PITTSBURGH — A group of children rolled up their sleeves for their place in history on Feb. 23, 1954, at a mass inoculation held at Arsenal Elementary School in Pittsburgh. The new polio vaccine they received was developed by Dr. Jonas Salk at the Virus Research Lab at the University of Pittsburgh.
Poliomyelitis was a highly contagious disease that terrorized communities with sudden outbreaks that would leave paralysis and death in its wake. It affected children most of all, leaving scores with lifelong disabilities.
The 137 students from Arsenal Elementary were the first of about 5,000 public school students in Pittsburgh to be inoculated in the first doses of the new vaccine, which would consist of three doses in total.
Dr. Salk performed every shot personally in the school’s gymnasium, a process that took two hours. The boys and girls, all under the age of 9, were in the first through third grades at the school. The children largely took their vaccines without drama, partly due the variety of distractions presented before them. Television and still cameras joined reporters, school officials and medical staff to document the makeshift clinic. Salk was smiling and frequently joking with the students to keep them at ease.
Among the first recipients was a girl who had already survived one type of polio. She walked into the gym wearing a brace on one leg, hoping the vaccine would give her immunity against the two other types of the virus. Students and parents who had already given consent for the injections did not know when, or if, they would be selected until the children were summoned from their classrooms.
Similar mass vaccinations were held at 18 other schools in the district, with Salk and his team circulating back through all of them two more times to administer the second and third doses and conduct tests to verify polio antibodies have been built up in the students’ bloodstreams.
The three injections were thought to provide about seven months’ worth of protection from the virus, but it was not known for sure at the time. None were given placeboes; all received the real vaccine. The tests were intended to discern what dosage provided the strongest and longest immunity and how often booster shots would be needed.
Research for the vaccine was funded by the March of Dimes (originally called the National Foundation for Infantile Paralysis), which had been founded with the help of President Franklin Roosevelt, who lost the use of his legs at the age of 39 during a 1921 outbreak.
In 1952 alone, there were 58,000 new cases of polio in the United States and more than 3,000 people died.
On March 26, 1953, Salk announced on a national radio show that his test of a vaccine was successful. Among those who were volunteered for the earliest tests were Salk’s own family. He injected himself, his wife and his three sons in his kitchen after boiling needles and syringes on his stovetop.
Salk had discovered that polio had as many as 125 strains from three main types. For a vaccine to be effective, all three had to be successfully treated. Bucking traditional thinking at the time, Salk’s vaccine used a killed-virus instead of a live one to trick the body’s immune system into manufacturing protective antibodies without risk of infection.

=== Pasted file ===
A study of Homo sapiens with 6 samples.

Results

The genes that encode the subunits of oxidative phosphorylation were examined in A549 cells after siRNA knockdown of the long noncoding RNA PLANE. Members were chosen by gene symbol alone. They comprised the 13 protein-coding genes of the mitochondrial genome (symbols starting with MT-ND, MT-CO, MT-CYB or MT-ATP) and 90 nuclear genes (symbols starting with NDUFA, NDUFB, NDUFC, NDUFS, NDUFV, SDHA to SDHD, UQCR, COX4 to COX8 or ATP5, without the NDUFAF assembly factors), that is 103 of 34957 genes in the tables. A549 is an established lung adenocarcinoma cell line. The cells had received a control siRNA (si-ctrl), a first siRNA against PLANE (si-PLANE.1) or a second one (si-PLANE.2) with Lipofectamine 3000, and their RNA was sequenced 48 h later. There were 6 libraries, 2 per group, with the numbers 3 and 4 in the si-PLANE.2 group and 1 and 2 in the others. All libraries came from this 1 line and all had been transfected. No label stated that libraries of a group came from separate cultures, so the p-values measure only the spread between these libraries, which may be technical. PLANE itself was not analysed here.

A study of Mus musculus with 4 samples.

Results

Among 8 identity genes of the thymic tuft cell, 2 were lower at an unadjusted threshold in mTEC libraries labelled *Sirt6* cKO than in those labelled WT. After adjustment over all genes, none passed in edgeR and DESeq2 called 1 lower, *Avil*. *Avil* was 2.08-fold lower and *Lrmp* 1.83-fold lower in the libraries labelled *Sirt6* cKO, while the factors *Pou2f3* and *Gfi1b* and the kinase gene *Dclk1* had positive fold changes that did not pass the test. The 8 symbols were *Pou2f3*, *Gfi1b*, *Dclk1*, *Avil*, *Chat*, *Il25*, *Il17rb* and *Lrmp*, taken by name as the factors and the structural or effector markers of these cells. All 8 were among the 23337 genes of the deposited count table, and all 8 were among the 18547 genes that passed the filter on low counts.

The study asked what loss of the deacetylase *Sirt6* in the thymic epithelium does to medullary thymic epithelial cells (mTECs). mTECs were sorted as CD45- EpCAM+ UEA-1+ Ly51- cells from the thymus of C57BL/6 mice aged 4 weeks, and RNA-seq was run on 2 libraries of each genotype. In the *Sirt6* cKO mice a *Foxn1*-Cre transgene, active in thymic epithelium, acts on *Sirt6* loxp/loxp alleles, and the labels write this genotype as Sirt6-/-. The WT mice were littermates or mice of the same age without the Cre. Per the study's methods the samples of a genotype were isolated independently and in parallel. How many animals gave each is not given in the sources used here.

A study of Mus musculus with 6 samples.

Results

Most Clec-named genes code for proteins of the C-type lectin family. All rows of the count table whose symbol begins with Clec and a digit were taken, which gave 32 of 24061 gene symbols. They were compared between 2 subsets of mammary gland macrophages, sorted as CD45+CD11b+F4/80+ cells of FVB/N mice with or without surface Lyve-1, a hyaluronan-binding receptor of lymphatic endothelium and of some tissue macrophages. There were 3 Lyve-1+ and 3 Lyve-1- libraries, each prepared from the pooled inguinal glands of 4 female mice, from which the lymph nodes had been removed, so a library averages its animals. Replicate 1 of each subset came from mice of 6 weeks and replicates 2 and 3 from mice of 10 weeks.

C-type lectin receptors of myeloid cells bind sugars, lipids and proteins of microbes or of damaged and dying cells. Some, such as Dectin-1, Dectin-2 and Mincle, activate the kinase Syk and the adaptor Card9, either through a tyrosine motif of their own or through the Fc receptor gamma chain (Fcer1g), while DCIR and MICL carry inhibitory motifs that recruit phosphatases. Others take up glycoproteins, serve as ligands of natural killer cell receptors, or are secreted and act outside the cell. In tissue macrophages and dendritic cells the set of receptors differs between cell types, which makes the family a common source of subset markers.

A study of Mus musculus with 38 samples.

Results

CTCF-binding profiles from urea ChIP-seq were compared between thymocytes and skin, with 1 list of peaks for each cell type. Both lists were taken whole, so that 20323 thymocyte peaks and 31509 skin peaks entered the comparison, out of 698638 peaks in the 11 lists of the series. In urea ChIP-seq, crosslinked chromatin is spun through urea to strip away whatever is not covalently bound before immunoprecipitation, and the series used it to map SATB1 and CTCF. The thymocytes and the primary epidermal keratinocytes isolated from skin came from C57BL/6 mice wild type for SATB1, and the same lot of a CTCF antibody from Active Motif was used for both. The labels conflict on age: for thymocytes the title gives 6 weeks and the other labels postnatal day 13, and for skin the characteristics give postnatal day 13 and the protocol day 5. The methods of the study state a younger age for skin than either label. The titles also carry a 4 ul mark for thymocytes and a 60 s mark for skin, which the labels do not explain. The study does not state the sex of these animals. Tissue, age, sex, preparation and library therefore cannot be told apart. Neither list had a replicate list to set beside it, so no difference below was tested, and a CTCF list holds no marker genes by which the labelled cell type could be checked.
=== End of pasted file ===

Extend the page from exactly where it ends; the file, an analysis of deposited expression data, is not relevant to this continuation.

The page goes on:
The clinical trials of the vaccine on 1.8 million schoolchildren, called “polio pioneers,” that had begun in Pittsburgh in 1954, were completed by April 12, 1955, when the vaccine was announced as safe and effective. A nationwide inoculation campaign was immediately launched, though it was briefly suspended after more than 200,000 people were injected with a bad batch of the vaccine from a California lab. Thousands of polio cases were reported, 200 children were paralyzed and 10 died. Standards for manufacturing the vaccine were tightened and the campaign resumed.
Salk never patented or profited from the vaccine. Instead, he believed that it belonged to the people, asking, “Could you patent the sun?” He pointed out that the research had been funded by millions of charitable donations raised by the March of Dimes, which in turn did not pursue a patent in part because of Salk’s reluctance to do so.
By 1962, Dr. Albert Sabin’s oral vaccine was licensed and soon became the world standard. It used a weakened form of the live virus in a liquid or sugar tablet that could be swallowed instead of injected and was significantly cheaper to produce, store and administer. Sabin had been a vocal critic of Salk’s methodology, calling him “a mere kitchen chemist” who was dangerous. Following Salk’s lead, Sabin also refused to patent or profit from his oral polio vaccine.
The March of Dimes funded an immunization campaign using both vaccines and eliminated polio from the United States by 1979.
For his contributions to medical science, Salk received many awards, including a Presidential Medal of Freedom in 1977 and a Congressional Gold Medal in 1955, which is currently on display at The State Museum of Pennsylvania.
According to the World Health Organization, polio has been largely eradicated worldwide thanks to the vaccines, and survives only in the world’s poorest and most marginalized communities.